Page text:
The video footage of the armed prisoners waving their weapons from rooftops and military tanks thronging Baseline Road gave the impression that the riots were as frightening as the two midnight air raids by the LTTE a few years ago. It was a wartime north coming to Colombo. Until then overnight shootouts were strictly battlefield scenes. After the T20 World Cup Final, Colombo stayed up till late; its citizens with their hearts in their mouths.
The shootout started shortly after inmates of the Welikada prison broke out from the main gate of the prison and attempted to flee in a trishaw parked near the entrance at around 6 in the evening, while opening fire at the STF personnel at the scene. The STF counter-fired killing a number of the fleeing prisoners.
The prison uprising began last afternoon shortly after around 300 STF personnel together with the prison officials carried out a raid after authorities received information of a major drug racket and other illegal activities being conducted within the prison premises. The raid lasted for three hours, with the authorities recovering mobile phones and drugs.
This however, is not the first incident of this nature that occurred within the Prison walls; and one would highly doubt it would be the last. In January this year, an unruly group of inmates in the Magazine Prison damaged prison properties, set the Prison archives on fire and left 36 persons injured. This was again reported as an act of expressing ‘displeasure’ at the action taken by a superintendent to crackdown on narcotic related activities in the Prison.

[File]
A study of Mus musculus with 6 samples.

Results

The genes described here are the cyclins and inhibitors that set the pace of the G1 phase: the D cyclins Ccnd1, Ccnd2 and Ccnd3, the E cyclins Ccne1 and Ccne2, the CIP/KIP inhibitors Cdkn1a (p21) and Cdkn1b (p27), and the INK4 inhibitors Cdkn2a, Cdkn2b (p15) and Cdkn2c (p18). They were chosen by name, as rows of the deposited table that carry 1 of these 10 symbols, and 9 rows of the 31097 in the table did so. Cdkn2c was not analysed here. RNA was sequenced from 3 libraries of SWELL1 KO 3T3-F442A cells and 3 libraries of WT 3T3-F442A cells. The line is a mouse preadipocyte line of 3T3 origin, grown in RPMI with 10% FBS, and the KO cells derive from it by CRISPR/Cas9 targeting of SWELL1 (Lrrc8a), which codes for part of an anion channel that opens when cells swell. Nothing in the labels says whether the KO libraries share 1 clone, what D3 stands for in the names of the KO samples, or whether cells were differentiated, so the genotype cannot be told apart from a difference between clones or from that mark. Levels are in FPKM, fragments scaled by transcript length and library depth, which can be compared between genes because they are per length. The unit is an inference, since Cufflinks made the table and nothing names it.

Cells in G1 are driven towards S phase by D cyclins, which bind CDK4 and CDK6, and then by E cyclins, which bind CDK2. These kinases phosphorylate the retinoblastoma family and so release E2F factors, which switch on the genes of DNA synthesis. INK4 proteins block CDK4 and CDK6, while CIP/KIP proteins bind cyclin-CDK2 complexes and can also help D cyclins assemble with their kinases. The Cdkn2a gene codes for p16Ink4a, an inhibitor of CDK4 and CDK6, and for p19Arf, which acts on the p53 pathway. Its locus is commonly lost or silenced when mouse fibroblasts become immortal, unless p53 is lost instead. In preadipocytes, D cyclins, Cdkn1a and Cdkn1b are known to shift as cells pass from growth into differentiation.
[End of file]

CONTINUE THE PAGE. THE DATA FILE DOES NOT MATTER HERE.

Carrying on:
A Prison could never be a trouble-free place given the nature and the histories of its inmates. It is a well-known fact that these places have become the knowledge hub of criminals where tactics, expertise and sometimes drugs are exchanged to and fro. While the majority of the prison officials are law-abiding who discharge their duties with the aim of busting such actions, there is also a minority who support this mafia for their own benefit.
Despite the writing that adorns the prison wall, “Prisoners are people too,” rather than rehabilitating the errant individuals, the prisons have become breeding places for rebels who would at the deprivation of their daily dose of drugs snap at the prison personnel. It is time to make them live up to the ‘people’ label; or look for a fresh supply of officials who are human enough to convert them.
This is of course a very evident case of poor administration by the MR Govet: This is just the begining of disasters and there will be many more of this nature to come. MR is the sole responsible person who should answer to 27 deaths and entire distruction took place.